Does it seem like it’s been a long time since there’s been any headway about major renovations at Rogers Centre? It has been a long time. It’s been over two years since the Blue Jays have stated publicly about their desire to overhaul the 30-year-old stadium.
Every few months, there’s a morsel of information that trickles out, but this is the most concrete (see what I did there?) evidence we have yet that a major change at Rogers Centre will be ready for the 2020 Blue Jays season.
Mark Shapiro completed his media blitz yesterday, meeting with media and doing a few radio hits to update reporters and fans on the state of the franchise. Speaking on Prime Time Sports on Sportsnet 590 The Fan, Shapiro gave a clear picture of the next phase of Rogers Centre:
“I would hope as we move into the offseason messaging — about 7, 8, 10 weeks — we’ve got some strong announcements about fan-facing projects that will improve fan experience next year.
This year, we spent the bulk of the money putting on a new roof and finishing up waterproofing. Refreshing the 100 level concourse, which if you’ve been to a game, you’d know is dramatically different. And building a new premium club behind home plate.
Next year, we’ll have other changes that will affect our fans positively.”
These comments on Prime Time Sports weave into the path of breadcrumbs Shapiro left last month during his chat with BNN Bloomberg.
“We have some things in store for next year which may even have a bigger impact on fan experience which I’m not going to divulge right now. We’re still planning, but it will affect every minute of every game — put it that way — if we’re able to finish it.”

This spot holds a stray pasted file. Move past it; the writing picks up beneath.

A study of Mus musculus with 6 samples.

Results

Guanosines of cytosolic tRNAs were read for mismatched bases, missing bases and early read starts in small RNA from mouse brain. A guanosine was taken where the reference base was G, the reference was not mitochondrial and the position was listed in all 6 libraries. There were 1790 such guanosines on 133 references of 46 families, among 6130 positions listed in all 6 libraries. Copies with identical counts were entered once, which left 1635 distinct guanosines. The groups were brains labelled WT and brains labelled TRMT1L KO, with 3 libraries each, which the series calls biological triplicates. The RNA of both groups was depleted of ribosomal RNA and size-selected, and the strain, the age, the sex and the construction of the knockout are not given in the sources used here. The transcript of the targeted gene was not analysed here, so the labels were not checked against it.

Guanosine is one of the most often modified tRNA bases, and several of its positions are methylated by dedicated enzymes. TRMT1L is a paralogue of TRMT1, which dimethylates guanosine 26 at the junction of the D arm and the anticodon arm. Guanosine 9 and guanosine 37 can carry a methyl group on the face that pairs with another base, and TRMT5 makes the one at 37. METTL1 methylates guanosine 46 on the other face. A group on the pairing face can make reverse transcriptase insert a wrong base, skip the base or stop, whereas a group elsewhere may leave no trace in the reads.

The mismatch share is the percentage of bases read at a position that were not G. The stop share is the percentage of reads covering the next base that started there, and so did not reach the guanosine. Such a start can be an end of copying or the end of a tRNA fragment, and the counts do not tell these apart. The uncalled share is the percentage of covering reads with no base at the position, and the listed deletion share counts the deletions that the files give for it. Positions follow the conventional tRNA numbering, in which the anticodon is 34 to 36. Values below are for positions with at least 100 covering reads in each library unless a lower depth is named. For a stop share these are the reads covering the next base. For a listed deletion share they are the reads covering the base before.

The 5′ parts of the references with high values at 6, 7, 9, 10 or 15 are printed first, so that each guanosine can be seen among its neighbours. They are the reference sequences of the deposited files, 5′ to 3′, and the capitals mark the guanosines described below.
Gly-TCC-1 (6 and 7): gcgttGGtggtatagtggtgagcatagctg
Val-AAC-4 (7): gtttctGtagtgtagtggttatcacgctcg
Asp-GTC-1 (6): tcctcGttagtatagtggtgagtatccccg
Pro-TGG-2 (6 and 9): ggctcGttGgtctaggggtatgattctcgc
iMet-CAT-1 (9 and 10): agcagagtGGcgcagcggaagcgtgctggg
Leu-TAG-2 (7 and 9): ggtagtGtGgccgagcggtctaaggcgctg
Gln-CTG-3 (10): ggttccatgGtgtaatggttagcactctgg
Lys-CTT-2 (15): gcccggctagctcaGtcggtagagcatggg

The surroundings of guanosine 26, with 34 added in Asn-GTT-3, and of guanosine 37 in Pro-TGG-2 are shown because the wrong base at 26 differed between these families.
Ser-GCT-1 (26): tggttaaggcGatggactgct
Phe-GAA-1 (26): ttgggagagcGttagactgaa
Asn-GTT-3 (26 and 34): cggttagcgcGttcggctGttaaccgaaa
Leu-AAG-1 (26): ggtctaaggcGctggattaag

I have yet to understand what “fan-facing projects” means exactly, but one could interpret that phrase many ways. Just spit balling here, but projects like a second “fan deck”, a craft beer patio, or removal of seats would certainly qualify as a “fan-facing project.”
As cool as it would be to remove the AstroTurf, I’m less inclined to believe the renovation is something as drastic as installing a natural grass field because that doesn’t fall into the “fan experience” category.
If we want to dig a little deeper into the long-term possibilites for the stadium, according to city columnist Matt Elliott, “Toronto Blue Jays President Mark Shapiro has registered to lobby on “future plans for the Rogers Centre, the surrounding area, and City’s leasehold interest in the subject site.”
Earlier this week, Toronto councillor Joe Cressy spoke with David Rider of the Toronto Star and Cressy confirmed his meeting with Blue Jays officials “to chat ‘in broad terms’ about their plans for the 30-year-old domed stadium.”
The gist of that meeting was that the city emphasized their desire to keep the Rogers Centre in its current location and the fact that renovation costs would be privately funded.
There’s also the matter of the $3.5 billion project proposed by Oxford Properties surrounding the Rogers Centre. This isn’t the Rail Deck Park project per se, but would include a two-acre park above the rail line and would install three towers on the north side of the Rogers Centre.
In the meantime, Toronto’s Rail Deck Park has been green-lit, which proposed a 8.5 hectare park above the rail lines between Bathurst and Blue Jays Way. The Oxford Properties proposal for a park above the rail line would stretch from Blue Jays Way to John Street, so there’s a way for these two projects to coexist.
Considering the closer proximity, it would make sense that the Blue Jays would be tied in more closely to the Union Park project, but again, we’re just speculating.
As Shapiro says, there will be an announcement within the next few months, which should make the path to the next phase of the Skydome/Rogers Centre much clearer.
The fact that he indicated some of these changes will take into effect next season suggests these large-scale projects related to Union Park and the Rail Deck Park are further down the line, which sounds like these immediate improvements will be inside the stadium.